Return game

Gaels receiver Alex Carroll strives to rebound from a devastating injury

Third-year Gaels wide receiver Alex Carroll tore his ACL on a kickoff return on Nov. 3 in Guelph. After undergoing reconstructive surgery seven weeks ago, he’s aiming to return for Queen’s first regular season game on Aug. 25.
Third-year Gaels wide receiver Alex Carroll tore his ACL on a kickoff return on Nov. 3 in Guelph. After undergoing reconstructive surgery seven weeks ago, he’s aiming to return for Queen’s first regular season game on Aug. 25.
Carroll has four touchdowns in 20 career OUA games, including a 79-yard punt return against York in the 2012 season opener.
Carroll has four touchdowns in 20 career OUA games, including a 79-yard punt return against York in the 2012 season opener.
Photo: 

It starts in a dark room.

Third-year Gaels wide receiver Alex Carroll stares solemnly into the camera. He talks over a progression of piano chords echoing in the background. His voice is shaken, but determined.

He’s nearly three weeks removed from a devastating knee injury, facing major reconstructive surgery and months of rehabilitation.

“I’ve been dreading that kind of injury my whole football career,” Carroll said in the nine-minute video, uploaded to YouTube on Nov. 22. “It was definitely tough — those first few moments when you realize it’s all happening.

“Afterwards, you sort of realize that these are the cards you’ve been dealt, so you just have to move forward with what you’ve got.”

The video is the first in a series of four, recorded in the months following Nov. 3 — the day Carroll tore his ACL, lateral meniscus and medial meniscus in a playoff game against the Guelph Gryphons.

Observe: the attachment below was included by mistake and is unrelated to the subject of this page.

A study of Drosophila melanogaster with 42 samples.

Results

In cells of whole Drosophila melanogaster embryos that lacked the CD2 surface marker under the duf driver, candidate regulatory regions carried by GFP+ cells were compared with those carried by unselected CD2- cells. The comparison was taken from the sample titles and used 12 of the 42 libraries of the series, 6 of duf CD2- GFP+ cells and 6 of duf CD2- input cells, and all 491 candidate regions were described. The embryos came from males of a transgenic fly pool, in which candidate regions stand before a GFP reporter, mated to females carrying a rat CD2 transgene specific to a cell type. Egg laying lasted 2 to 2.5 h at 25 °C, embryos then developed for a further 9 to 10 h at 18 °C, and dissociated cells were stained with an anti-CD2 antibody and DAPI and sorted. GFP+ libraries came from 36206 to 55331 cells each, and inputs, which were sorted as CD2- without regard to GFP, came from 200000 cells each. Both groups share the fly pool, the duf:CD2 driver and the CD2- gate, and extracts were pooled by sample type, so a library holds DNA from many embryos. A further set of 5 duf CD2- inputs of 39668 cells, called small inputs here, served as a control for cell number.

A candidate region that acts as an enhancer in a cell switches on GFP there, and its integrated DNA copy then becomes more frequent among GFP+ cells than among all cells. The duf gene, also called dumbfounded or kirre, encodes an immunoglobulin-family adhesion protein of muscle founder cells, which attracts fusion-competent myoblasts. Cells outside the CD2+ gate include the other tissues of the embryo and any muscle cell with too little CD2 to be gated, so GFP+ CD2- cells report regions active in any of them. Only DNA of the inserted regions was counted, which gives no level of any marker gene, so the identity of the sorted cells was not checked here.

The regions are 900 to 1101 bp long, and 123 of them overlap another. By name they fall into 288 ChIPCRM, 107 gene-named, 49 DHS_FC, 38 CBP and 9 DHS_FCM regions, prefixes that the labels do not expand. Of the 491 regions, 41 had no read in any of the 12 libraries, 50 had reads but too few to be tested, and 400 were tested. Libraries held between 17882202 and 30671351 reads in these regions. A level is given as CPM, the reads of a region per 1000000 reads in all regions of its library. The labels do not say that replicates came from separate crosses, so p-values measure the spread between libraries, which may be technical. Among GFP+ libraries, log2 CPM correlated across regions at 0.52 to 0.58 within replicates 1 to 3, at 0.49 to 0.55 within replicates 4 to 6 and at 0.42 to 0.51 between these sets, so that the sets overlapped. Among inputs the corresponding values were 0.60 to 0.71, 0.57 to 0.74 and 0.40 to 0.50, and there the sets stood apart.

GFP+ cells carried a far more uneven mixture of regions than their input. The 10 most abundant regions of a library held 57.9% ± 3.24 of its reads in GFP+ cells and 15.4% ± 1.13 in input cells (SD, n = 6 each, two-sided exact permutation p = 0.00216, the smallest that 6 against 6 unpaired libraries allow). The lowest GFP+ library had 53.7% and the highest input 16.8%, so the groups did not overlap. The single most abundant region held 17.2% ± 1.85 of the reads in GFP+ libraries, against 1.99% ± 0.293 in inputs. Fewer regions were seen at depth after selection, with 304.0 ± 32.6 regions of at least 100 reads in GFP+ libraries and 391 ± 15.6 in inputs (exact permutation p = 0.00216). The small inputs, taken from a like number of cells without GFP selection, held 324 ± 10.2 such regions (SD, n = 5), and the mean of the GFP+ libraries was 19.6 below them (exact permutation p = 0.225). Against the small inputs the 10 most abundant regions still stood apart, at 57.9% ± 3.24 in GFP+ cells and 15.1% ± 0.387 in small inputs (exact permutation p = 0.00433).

After catching a second-quarter kickoff, Carroll ran 14 yards upfield, dug his right foot into the turf — and felt his knee give out.

“I’ve watched it on film a bunch of times, and it almost looks like a nothing play,” Carroll said earlier this week. “Whether it was a twisting motion or whatever, as soon as my cleat stuck in the ground, my knee just popped, and I was down.”

Four and a half months removed from the runback in Guelph, Carroll is back on his feet — but the recovery is just beginning.

He underwent surgery on Jan. 23, starting a rigorous rehabilitation process that typically takes eight months to complete.

Queen’s first regular season game of 2013 is scheduled for Aug. 25 — just over seven months after the operation.

“It’s frustrating because it’s such a slow process, but in the grand scheme of things, the season is still a long way away,” Carroll said, adding that his rehab is already two weeks ahead of schedule.

“I feel like if I just keep working hard, everything’s going to fall into place.”

After spending an idle month on crutches after surgery, getting his knee back to game shape is Carroll’s top priority.

So far, he’s returned to the weight room and started running in water, performing basic exercises to restore quad strength. He hopes to start jogging in the coming weeks.

“Part of me wants to just get after it and do everything, but you have to hold yourself back a bit, since it’s sort of a dangerous stage in the rehab,” he said. “I’m [following instructions], but trying to progress as quickly as I can.”

Carroll is hoping that his comeback will coincide with a resurgent year for Gaels football as a whole. His injury occurred early on in a 42-39 overtime loss to Guelph, sealing Queen’s premature exit from the playoffs.

After falling in two consecutive OUA semifinals, nothing less than a conference championship will suffice.

“It’s pretty much Yates or bust for us,” Carroll said. “We’ve kind of underachieved to what I think we’ve been capable of these past few years. It seems like the guys that really want to get it done are stepping into those leadership roles.”

That ambition is evident in the most recent additions to Carroll’s video log. In a clip posted on Jan. 28, five days after surgery, he smiles to the camera, outlining the first rudimentary steps of his return to football.

Carroll’s latest video, dated Feb. 25, is mostly upbeat. A steady drum riff has replaced the forlorn piano. He speaks at length about the mechanics of his injury and the road ahead.

“I still have a lot to prove as a football player,” he said. “With every great setback, there’s a chance for a great comeback.”

When commenting, be considerate and respectful of writers and fellow commenters. Try to stay on topic. Spam and comments that are hateful or discriminatory will be deleted. Our full commenting policy can be read here.